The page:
Homeless man had ‘good reason’ for late challenge against Tower Hamlets Council housing decision, court rules
- Credit: Archant
A homeless man had a “good reason” to bring a late appeal against Tower Hamlets Council’s decision that he was not in priority need of housing because he was trying to secure legal aid, the Court of Appeal has ruled.
In a judgment which was welcomed by campaigners, the court recognised the "bleak picture of the difficulties faced by homelessness applicants" trying to challenge council decisions, "especially as a result of" the impact of legal aid cuts.
Abdullah Al Ahmed challenged Tower Hamlets Council's decision almost a month after the 21-day limit on filing an appeal while homeless charity Crisis helped him find lawyers to fight his case.
Mr Al Ahmed argued that the delay to find a professional lawyer constituted a "good reason" for bringing a late appeal.
In 2018, a judge at Central London County Court ruled that Mr Al Ahmed did have a good reason, finding that "it was reasonable for him to wait for Crisis to find him a legal representative because without a legal representative this appeal was never going to go anywhere".
Mr Justice Dove found that Mr Al Ahmed's appeal had "benefited from, but did not require, the added legal sophistication" of professional legal advice.
But, in a judgment on Thursday, January 30, the Court of Appeal reversed that decision and allowed Mr Al Ahmed's appeal.
Sir Stephen Richards, sitting with Lord Justice David Richards and Lord Justice Phillips, ruled that there was no "proper basis" for overturning the original County Court decision.
Mr Al Ahmed's appeal was supported by housing charity Shelter, which argued that Mr Justice Dove's ruling would set "a concerning precedent that fails to take into account the frailties of homeless applicants and the particular barriers they may face in obtaining legal assistance".
In a witness statement, Shelter's chief executive Polly Neate said that recent cuts to legal aid - brought in by the Legal Aid, Sentencing and Punishment of Offenders Act 2012 (Laspo) - had led to "housing advice deserts throughout the country".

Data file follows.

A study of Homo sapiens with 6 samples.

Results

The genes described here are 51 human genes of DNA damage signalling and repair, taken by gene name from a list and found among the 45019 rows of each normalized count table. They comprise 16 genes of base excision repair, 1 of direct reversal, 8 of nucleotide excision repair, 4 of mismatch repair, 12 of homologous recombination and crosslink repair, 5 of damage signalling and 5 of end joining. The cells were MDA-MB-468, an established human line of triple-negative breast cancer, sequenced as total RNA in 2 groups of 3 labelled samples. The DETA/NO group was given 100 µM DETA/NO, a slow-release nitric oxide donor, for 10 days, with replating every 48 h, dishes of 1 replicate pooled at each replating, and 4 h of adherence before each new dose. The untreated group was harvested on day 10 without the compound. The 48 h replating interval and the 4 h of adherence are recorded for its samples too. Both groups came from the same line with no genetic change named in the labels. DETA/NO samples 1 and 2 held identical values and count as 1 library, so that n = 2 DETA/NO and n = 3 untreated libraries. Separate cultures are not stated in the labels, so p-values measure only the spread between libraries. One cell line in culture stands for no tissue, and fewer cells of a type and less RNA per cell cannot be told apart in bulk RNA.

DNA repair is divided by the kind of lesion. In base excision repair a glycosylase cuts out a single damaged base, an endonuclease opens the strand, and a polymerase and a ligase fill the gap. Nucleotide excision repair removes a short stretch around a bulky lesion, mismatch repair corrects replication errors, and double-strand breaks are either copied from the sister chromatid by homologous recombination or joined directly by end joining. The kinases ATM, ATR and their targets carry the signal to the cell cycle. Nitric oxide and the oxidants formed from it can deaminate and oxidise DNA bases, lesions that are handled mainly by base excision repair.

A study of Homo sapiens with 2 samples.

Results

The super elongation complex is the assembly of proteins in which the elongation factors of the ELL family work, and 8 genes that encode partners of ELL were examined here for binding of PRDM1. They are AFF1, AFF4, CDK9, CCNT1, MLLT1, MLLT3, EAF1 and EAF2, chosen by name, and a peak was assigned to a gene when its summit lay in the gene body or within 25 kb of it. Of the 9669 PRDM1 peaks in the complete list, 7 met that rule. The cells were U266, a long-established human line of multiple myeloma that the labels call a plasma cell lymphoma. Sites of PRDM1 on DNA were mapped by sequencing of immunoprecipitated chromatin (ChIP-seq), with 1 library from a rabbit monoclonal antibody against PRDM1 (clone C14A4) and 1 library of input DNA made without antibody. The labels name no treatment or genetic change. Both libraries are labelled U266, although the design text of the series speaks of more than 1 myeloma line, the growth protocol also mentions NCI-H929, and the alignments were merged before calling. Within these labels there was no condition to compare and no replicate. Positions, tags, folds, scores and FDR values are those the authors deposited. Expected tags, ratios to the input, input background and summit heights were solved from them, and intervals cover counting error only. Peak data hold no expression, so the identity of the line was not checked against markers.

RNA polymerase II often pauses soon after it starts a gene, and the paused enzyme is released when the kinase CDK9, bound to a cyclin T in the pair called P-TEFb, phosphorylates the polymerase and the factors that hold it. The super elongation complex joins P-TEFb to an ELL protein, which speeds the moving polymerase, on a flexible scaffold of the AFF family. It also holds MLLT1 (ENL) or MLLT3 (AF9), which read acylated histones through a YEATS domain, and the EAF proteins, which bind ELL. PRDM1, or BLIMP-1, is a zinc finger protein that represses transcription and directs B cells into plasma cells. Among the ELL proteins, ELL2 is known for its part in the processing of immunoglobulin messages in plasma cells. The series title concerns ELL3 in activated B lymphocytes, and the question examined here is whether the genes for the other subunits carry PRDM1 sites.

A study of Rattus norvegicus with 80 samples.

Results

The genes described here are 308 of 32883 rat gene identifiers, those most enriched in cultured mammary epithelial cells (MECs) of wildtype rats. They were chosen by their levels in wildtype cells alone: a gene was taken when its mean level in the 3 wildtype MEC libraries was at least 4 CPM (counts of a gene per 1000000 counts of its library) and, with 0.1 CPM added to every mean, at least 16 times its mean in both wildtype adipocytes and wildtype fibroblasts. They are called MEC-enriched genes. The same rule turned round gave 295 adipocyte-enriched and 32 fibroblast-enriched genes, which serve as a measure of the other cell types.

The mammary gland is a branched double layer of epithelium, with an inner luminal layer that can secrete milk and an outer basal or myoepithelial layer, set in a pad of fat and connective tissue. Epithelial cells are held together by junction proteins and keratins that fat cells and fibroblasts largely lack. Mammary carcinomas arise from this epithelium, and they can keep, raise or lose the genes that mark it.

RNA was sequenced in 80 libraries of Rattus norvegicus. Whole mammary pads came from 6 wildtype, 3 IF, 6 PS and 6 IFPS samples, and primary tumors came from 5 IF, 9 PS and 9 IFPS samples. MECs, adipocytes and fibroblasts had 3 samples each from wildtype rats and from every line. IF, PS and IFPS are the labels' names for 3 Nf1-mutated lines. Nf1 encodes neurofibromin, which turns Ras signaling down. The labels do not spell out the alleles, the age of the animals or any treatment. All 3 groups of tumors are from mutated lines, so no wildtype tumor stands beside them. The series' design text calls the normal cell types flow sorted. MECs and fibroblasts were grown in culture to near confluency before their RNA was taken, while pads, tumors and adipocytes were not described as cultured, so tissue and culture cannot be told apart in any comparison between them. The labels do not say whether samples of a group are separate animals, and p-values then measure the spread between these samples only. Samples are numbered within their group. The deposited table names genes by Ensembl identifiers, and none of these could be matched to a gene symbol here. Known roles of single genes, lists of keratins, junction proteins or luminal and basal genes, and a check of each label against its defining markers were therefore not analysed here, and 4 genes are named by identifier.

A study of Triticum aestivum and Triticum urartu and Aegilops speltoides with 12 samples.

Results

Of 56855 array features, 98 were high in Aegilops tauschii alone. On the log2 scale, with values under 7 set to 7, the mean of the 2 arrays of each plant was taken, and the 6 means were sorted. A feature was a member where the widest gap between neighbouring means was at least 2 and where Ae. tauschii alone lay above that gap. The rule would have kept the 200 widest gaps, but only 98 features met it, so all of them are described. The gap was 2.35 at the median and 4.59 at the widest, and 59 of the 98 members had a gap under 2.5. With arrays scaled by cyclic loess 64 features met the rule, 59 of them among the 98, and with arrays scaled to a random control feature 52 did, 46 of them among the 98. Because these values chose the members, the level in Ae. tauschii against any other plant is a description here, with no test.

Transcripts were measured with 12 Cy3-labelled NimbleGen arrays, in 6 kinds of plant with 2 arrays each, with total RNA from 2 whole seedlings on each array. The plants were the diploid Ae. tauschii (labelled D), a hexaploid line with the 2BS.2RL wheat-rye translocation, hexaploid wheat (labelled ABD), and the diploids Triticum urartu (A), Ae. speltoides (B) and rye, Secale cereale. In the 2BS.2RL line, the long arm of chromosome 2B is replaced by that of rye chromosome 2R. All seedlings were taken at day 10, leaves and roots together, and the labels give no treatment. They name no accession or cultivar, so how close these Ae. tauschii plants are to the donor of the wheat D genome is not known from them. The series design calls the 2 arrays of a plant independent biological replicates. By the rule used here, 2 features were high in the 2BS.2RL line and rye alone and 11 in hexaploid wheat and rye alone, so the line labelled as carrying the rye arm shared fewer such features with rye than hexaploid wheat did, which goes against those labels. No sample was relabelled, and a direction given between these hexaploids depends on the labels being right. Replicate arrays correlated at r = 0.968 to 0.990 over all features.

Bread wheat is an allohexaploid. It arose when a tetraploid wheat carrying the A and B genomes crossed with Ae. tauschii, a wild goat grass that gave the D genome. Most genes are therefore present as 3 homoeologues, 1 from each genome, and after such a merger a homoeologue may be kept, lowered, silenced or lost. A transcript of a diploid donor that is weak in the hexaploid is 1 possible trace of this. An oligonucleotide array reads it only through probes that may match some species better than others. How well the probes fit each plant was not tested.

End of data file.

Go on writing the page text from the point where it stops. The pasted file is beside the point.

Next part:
She added that council decisions were often "hard for homeless applicants to understand" and did not make clear what legal issues would need to be addressed in any appeal.
In his judgment, Sir Stephen said Shelter's evidence "presents a bleak picture of the difficulties faced by homelessness applicants in bringing an appeal ... without legal advice and representation, and of the difficulties they may face in finding someone to provide those services under legal aid, especially as a result of the post-LASPO shrinkage of the housing advice sector".
The judge added: "It would be both surprising and unfair if difficulties of that kind could not be taken fully into account and given appropriate weight in the assessment of whether there was a good reason for failure to bring an appeal in time."
Sir Stephen continued: "If and in so far as Mr Justice Dove was basing himself on a wider proposition that homelessness applicants are able as a general rule to draft a notice of appeal and adequate grounds of appeal without legal representation ... such a proposition is in my judgment mistaken."
In a statement after the ruling, Ms Neate said: "This is a very welcome judgment, recognising the difficulties faced by homeless applicants bringing a court appeal without legal advice and representation.
"Importantly, the judgment also recognises the wider difficulties caused by cuts to legal aid and the subsequent shrinking of the housing advice sector."